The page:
Money really can buy happiness

iStock 000014504813(copy)As financial advisers, we work with clients to help them identify and achieve their financial goals. Unfortunately, many clients get caught up in materialism and the pursuit of ‘more’, believing this will buy them happiness and fulfillment. Fantasies of great wealth often involve visions of fancy cars, palatial homes and the leading designer brands. Yet satisfaction with these material purchases wears off fairly quickly. What was once exciting and new becomes old hat and remorse sets in.

Academics and authors of ‘Happy Money’, Elizabeth Dunn and Michael Horton have come up with six surprising ways how people CAN buy happiness.
1.Spend money on others, not yourself
Elizabeth Dunn via a range of social experiments discovered that money can buy happiness, but only if it’s spent pro-socially, i.e.:when we invest in others rather than in ourselves. People were happier when they spent money on others or gave a gift to others, than when they spent money on themselves.
2.Spend money to give you time
People feel they are busier and have less time than in previous decades. Research indicates this time famine perception is due more to financial prosperity than to actually doing more things. Scarcity increases value and conversely, when something is valuable, it is typically perceived to be scarce. As time becomes worth more money, people see that time as increasingly scarce.

People who feel they have plenty of free time are more likely to exercise, do volunteer work and participate in other activities that are linked to increased happiness. For example, connecting with friends, nurturing intimate relationships, viewing art, music etc which are precisely the activities people on the brink of death wish they would have spent more time doing in their everyday lives.

Money can be used to buy free time by outsourcing mundane jobs to others, but it is how people consume the extra time they buy that really matters. If instead of doing something meaningful, they fritter away the hours by mindlessly watching TV, obsessing over looks or gadgets, or drifting aimlessly from one undertaking to the next, then happiness does not come with rising wealth.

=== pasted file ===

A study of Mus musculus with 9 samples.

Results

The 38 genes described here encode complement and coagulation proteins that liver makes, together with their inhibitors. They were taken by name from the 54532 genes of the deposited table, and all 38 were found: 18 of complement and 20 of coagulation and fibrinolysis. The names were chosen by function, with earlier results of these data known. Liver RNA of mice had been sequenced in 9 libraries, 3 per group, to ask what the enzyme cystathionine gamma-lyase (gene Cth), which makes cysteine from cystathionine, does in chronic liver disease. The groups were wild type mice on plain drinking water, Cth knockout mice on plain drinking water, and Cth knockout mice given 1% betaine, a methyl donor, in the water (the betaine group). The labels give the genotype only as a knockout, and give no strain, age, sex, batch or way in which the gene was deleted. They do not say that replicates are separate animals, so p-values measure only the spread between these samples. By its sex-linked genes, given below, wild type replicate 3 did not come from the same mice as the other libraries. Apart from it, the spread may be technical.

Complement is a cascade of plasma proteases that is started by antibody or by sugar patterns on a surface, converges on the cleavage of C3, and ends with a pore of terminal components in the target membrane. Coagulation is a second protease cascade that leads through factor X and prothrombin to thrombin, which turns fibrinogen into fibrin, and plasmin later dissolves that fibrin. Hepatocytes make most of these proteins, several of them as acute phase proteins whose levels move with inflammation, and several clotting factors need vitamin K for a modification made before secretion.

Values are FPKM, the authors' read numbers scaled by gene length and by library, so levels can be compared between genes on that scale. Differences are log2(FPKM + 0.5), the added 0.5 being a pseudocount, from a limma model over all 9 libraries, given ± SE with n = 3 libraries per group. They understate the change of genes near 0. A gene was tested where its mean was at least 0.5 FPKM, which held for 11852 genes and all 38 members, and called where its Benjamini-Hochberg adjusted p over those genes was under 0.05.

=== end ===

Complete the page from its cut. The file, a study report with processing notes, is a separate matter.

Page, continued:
3.Spend money now but wait to enjoy it
Research reported in the book ‘The Myths of Happiness: What Should Make You Happy, but Doesn’t. What Shouldn’t Make You Happy but Does’, uncovered that the anticipation surrounding a holiday created a greater sense of happiness than when the person was actually on the holiday. This suggests we should take several small holidays rather than one large annual holiday. This will maximise the pre-holiday happiness effect throughout the year.
4.Spend money on experiences rather than possessions
There is growing evidence it is experiences, not things, that make us happy. Many experiences can be low cost but very memorable and will have long-term lasting benefits. If you can afford it, take your family on holidays and adventures - get involved with what they are doing and give the gift of your time, wisdom and assistance rather than just money or some ‘thing.’
5.Spend money on many small pleasures instead of a few big ones
A number of research projects indicate those who frequently treat themselves to low cost or no cost activities or indulgences were more satisfied with their lives. Undertaking many activities can yield small boosts to happiness in the short-term that accumulate, one step at a time, to produce a large impact on happiness in the long-term.
6.Spend money on fundamental feelings
If money isn’t making you happy then it’s possible you are spending it on keeping up with the neighbours, validating your wealth, flaunting your looks, power or status. The problem isn’t in the money, but in how you are using it.

Dunn believes the most direct and reliable way to extract happiness and fulfillment from money is through need-satisfying pursuits, for example by spending capital on developing ourselves as people, on growing and on investing in interpersonal connections. Such activities have been shown by researchers to bring happiness and, equally important, not to stimulate ever-increasing addiction-like desires for more and more. In other words, the purchases or expenses that will yield the greatest emotional benefit are those that involve goals that satisfy at least one of the three basic human needs of competence (feeling capable or expert), relatedness (belonging and feeling connected to others), and autonomy (feeling a sense of mastery and control over one’s life).